Posted by: David Harley | May 22, 2012

Kaspersky and the iOS AV problem

Eugene Kaspersky’s view of the problem of not being allowed to build real antivirus for iOS is apparently somewhat bleaker than mine. According to The Register, he told them that:

“We as a security company are not able to develop true endpoint security for iOS,” Kaspersky told The Register in Sydney today. “That will mean disaster for Apple,” he opined, as malware will inevitably strike iOS in the future.

He also predicts that Android will benefit from the consequent backlash. I think the point he’s making here is that if (or, according to Kaspersky, when) the Apple whitelisting model fails to protect a significant number of (presumably unjailbroken) iGadget users, people will migrate to Android, despite its inferior app pre-filtering, because that pre-filtering doesn’t block the development of security software. An interesting hypothesis, but I’m not convinced that there’s such a simple equation. To quote myself (as cited by Kevin Townsend in Infosecurity Magazine yesterday):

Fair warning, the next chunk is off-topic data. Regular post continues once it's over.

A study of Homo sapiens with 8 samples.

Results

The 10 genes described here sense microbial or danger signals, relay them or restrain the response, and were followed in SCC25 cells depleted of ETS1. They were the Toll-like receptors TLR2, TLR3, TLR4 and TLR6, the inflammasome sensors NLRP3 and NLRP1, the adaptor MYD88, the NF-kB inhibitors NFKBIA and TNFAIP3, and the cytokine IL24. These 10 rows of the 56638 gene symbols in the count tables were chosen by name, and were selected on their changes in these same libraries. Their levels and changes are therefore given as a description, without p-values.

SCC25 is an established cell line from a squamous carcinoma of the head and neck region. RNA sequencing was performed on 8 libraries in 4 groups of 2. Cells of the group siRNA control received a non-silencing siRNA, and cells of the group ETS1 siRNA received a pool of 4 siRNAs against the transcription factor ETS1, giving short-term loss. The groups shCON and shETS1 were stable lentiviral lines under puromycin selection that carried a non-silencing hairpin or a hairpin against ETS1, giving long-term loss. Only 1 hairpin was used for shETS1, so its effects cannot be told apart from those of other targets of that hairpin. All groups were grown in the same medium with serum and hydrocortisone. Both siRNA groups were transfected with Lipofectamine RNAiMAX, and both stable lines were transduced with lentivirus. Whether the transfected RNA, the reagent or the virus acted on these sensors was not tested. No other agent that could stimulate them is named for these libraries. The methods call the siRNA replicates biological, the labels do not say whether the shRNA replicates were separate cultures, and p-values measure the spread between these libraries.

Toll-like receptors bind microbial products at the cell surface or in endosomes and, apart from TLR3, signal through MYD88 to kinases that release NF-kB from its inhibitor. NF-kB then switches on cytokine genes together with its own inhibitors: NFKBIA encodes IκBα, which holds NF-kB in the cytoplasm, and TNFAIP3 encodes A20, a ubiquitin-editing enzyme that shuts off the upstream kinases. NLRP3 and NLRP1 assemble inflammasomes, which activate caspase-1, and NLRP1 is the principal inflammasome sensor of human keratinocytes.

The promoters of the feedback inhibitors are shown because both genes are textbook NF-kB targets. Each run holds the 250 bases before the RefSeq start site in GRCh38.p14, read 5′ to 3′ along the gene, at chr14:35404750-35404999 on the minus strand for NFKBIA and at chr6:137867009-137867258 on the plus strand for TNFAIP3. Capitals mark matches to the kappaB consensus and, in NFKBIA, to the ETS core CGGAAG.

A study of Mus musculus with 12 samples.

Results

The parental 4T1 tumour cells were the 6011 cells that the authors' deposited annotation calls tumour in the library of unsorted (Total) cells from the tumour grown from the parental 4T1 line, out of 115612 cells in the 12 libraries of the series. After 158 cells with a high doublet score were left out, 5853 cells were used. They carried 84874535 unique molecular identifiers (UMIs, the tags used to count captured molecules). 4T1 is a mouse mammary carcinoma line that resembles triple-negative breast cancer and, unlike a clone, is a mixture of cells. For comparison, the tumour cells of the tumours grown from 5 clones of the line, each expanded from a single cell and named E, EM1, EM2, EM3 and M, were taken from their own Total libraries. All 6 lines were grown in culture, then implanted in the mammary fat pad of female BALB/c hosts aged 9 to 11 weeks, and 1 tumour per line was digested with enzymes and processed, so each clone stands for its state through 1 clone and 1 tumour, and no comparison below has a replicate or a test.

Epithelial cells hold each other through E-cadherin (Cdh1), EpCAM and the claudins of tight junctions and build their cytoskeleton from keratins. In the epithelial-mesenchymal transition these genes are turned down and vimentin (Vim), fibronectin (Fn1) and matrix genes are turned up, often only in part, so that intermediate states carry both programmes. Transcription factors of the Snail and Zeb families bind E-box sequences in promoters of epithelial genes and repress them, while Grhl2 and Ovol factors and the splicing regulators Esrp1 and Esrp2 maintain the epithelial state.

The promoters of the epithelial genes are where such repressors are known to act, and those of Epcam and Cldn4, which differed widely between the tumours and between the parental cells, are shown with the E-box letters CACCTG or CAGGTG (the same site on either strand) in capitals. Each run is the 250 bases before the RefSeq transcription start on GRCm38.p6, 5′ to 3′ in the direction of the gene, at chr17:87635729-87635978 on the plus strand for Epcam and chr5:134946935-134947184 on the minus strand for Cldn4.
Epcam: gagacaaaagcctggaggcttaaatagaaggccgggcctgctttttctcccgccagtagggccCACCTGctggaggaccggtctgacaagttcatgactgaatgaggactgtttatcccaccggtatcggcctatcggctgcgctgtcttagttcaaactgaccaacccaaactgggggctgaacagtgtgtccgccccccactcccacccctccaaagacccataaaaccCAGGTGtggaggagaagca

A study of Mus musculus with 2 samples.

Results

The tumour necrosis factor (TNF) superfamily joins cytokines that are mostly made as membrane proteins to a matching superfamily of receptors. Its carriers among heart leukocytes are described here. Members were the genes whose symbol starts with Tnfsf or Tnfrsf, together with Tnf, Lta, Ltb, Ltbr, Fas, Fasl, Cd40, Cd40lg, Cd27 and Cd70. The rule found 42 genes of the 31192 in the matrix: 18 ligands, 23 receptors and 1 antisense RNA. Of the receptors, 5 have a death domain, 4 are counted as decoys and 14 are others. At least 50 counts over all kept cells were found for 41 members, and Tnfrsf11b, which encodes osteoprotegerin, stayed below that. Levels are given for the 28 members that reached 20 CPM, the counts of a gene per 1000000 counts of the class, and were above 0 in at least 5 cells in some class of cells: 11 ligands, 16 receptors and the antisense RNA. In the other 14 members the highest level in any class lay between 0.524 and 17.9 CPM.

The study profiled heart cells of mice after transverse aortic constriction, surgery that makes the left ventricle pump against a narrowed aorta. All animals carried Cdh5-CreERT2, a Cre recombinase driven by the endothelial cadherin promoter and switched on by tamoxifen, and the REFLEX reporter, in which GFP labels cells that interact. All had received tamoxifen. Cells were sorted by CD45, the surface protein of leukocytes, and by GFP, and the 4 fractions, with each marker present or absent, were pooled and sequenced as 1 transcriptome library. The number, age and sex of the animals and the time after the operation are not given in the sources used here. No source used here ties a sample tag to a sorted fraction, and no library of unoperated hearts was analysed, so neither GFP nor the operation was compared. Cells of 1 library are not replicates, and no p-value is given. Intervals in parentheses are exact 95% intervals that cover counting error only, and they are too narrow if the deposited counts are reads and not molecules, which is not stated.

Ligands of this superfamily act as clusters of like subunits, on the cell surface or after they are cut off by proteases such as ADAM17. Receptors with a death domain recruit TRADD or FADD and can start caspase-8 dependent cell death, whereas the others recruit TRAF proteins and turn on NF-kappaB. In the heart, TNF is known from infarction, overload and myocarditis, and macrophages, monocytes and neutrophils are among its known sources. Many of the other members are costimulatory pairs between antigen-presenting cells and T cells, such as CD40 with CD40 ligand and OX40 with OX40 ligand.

“Apple’s ability to decide which software you can install is its security, because it means Apple can, in theory, block any software that breaks its rules about what an application is allowed to do – and those rules protect Apple’s more technical defence mechanisms. Out-and-out malware is almost totally reliant on jailbreaking.”

As I read it, Kaspersky thinks that this defensive mechanism will be bypassed using vulnerabilities, with malware injected “into the source code of legal software. It will take place in a marketplace and then there will be millions or tens of millions of devices.”

Meanwhile, Byte tells us that Charlie Miller Makes iPhones Better By Attacking Them and asks Is iPatch Tuesday In Apple’s Future? (Hat tip to Larry Seltzer.)